Schizophrenia and Diabetes: A Bigger Picture

Schizophrenia and Diabetes: A Bigger Picture: We recently reported that the schizophrenia drug Seroquel might be linked to cases of diabetes due to what appears to be noticeable weight gain in patients that use the AstraZeneca drug. Since obesity is often linked to diabetes the research indicated the weight gain might be the causal link to diabetes.

While many have considered hidden research on the subject to cast a very negative light on the drugs effectiveness there is new research that may point to a bigger picture. ScienceDaily.net reported that, “People with schizophrenia are at increased risk for type 2 diabetes.” This was the finding of researchers at Medical College of Georgia along with scientists at the University of Barcelona in Spain and the University of Maryland.

This research was conducted on 50 patients newly diagnosed with schizophrenia prior to taking any medications used for the treatment of the condition. What researchers found was, when no other risk factors were present, “16 percent [of patients] had either diabetes or an abnormal rate of glucose metabolism.” This was the finding of Dr. Brian Kirkpatrick, vice chair of the MCG Department of Psychiatry and Health Behavior.

This is significant because a separate control group of similar size, utilizing patients without schizophrenia, indicated no signs of diabetes.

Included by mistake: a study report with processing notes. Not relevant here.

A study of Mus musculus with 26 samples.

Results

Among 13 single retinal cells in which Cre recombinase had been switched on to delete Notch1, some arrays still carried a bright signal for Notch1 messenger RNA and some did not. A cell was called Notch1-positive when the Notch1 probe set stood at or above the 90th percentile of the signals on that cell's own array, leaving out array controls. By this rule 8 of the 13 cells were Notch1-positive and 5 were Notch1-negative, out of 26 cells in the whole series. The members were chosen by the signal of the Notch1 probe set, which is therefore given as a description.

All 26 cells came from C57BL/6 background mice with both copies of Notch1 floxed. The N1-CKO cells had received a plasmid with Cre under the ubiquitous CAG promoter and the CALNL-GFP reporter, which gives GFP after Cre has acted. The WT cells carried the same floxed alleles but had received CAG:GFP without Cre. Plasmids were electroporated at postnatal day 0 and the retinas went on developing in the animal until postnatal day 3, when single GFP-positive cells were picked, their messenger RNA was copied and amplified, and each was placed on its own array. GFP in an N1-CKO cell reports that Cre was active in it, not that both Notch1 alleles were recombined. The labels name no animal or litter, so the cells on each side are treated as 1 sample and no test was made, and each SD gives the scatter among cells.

Kirkpatrick told ScienceDaily.net, “These findings point toward there being some shared environmental factors or genetic factors between the development of schizophrenia and diabetes.” Those conditions had to be something other than a drug used to treat schizophrenia since none in the control group had ever used the drug.

The information concerning Seroquel and other drugs was important to researchers because they knew that the drug seemed to have a weight gain side effect. Catching patients before drug treatment for schizophrenia seemed to be the only logical way to determine what links might exist between schizophrenia and diabetes.

It has long been thought that depression and diabetes go hand in hand. It has also been long believed that schizophrenia and diabetes might be connected. This research sought to answer that question in some definitive way.

A second study indicates, “The prevalence rate of metabolic syndrome, a group of risk factors that include abdominal obesity, high lipid and cholesterol blood levels and insulin resistance, is more than 50 percent in women and about 37 percent in men with schizophrenia.” These factors are significant in the development of diabetes.

There is a third facet to the potential development of schizophrenia. This dynamic happens before a child is born. Dr. Kilpatrick noted, “Many people focus on the brain function part of the disease, but patients also have other medical problems that can’t be attributed to other factors. Bad things that happen in utero and at birth, such as prenatal famine and low birth weight, have both been shown to increase the risk of diabetes and schizophrenia. Problems in early development can leave a lasting impact.”

Add to this the recent discovery that Alzheimer’s may be diabetes of the brain and you can begin to see the impact insulin has on every facet of the body.

It appears the care of the human body must begin in utero. Low birth weight babies and the care the mother takes with her own health appear to be common threads in the long-term health success of the child. In most cases this is simply common sense, but it’s interesting to see research that tends to support many of the ideals passed along by earlier generations. The advantage we have is the accumulated knowledge of why the care is important and how it may affect all individuals involved.